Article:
When parents have twins, they often choose to bank the cord blood of both twins for a variety of reasons. Genetic disorders can emerge in fraternal twins due to the contrasts in their genetic makeups and in both fraternal and identical twins because of environmental factors and epigenetics.1,2,3 For some blood and immune disorders, it may be better to use one twin’s stem cells to treat the other twin’s disease, especially because twins are more likely to be a strong HLA match for each other.
In this article:
Umbilical Cord Blood Bank Storage for Multiple Babies
Umbilical cord blood banking is the collection and storage of the blood contained within the umbilical cord of a newborn for future medical use. With multiple births, storing the cord blood from two or more babies increases the total amount of cord blood stored, making multiple doses available to the family if needed.
Cryo-Cell’s Cord Blood Collection Data
To see if and how the volume and the viability of collections are affected by two or more babies, Cryo-Cell International studied its cord blood collection data from the last 300 multiple births and the last 10,000 single births.
It chose these numbers as a representation of the approximately three percent of births that result in two or more offspring.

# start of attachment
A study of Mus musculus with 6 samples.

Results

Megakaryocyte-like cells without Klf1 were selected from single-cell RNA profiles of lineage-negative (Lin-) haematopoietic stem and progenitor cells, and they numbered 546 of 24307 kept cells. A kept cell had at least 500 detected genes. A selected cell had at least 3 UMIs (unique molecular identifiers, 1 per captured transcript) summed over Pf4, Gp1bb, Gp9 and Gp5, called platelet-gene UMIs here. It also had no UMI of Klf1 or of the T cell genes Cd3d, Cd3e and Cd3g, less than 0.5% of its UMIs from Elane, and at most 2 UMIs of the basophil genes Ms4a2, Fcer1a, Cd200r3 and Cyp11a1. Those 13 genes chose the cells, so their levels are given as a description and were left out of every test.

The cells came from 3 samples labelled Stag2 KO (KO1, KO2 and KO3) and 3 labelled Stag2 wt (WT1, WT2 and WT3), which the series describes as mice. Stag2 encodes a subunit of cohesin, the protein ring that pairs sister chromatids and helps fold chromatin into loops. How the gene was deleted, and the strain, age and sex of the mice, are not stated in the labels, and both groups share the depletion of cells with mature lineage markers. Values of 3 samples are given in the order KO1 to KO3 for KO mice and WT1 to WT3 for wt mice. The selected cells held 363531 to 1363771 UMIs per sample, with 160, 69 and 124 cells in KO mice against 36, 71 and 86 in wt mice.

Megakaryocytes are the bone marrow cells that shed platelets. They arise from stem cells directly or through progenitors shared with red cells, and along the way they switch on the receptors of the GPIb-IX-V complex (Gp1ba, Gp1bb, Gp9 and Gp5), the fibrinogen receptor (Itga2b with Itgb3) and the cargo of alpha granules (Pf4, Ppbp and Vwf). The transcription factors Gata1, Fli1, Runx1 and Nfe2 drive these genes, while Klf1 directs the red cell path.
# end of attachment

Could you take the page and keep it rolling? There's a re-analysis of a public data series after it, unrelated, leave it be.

When comparing the median figures, Cryo-Cell International found that multiple-birth cord blood collections had 10 percent less volume than its single-birth cord blood collections.
However, each mutibirth collection had four times the number of total cells and eight times the number of CD34+ stem cells post-processing than the minimums Cryo-Cell requires.
Larger Viability in Processed Baby’s Cord Blood
Median total post and CD34+ (stem cell) viabilities were a superlative 94 percent and 99 percent, respectively, and well beyond Cryo-Cell’s minimum of 75 percent viability. The sample included both PrepaCyte-CB-processed cord blood and HES-processed cord blood and was drawn from collections taken from around the globe.
Advantage of Multiple Birth Collections
One can surmise from these data points that a clinically relevant amount of cord blood material is captured in multiple birth cord blood collections to provide therapies for either baby if needed.
Are you considering storage of umbilical cord blood from twins or triplets? Share your thoughts in the comments below.
1. Wong A.H., Gottesman I., Petronis A. (2005) Phenotypic differences in genetically identical organisms: the epigenetic perspective. Human Molecular Genetics, 14: Review Issue 1, R11-R18.
2. Fraga, M.F. et al. (2005) Epigenetic differences arise during the lifetime of monozygotic twins. PNAS, 102:10604-9.
3. Poulsen P., Esteller M., Vaag A., Fraga M.F. (2007) The Epigenetic Basis of Twin Discordance in Age-Related Diseases. Pediatric Research, 61: 38R-42R (subscription required).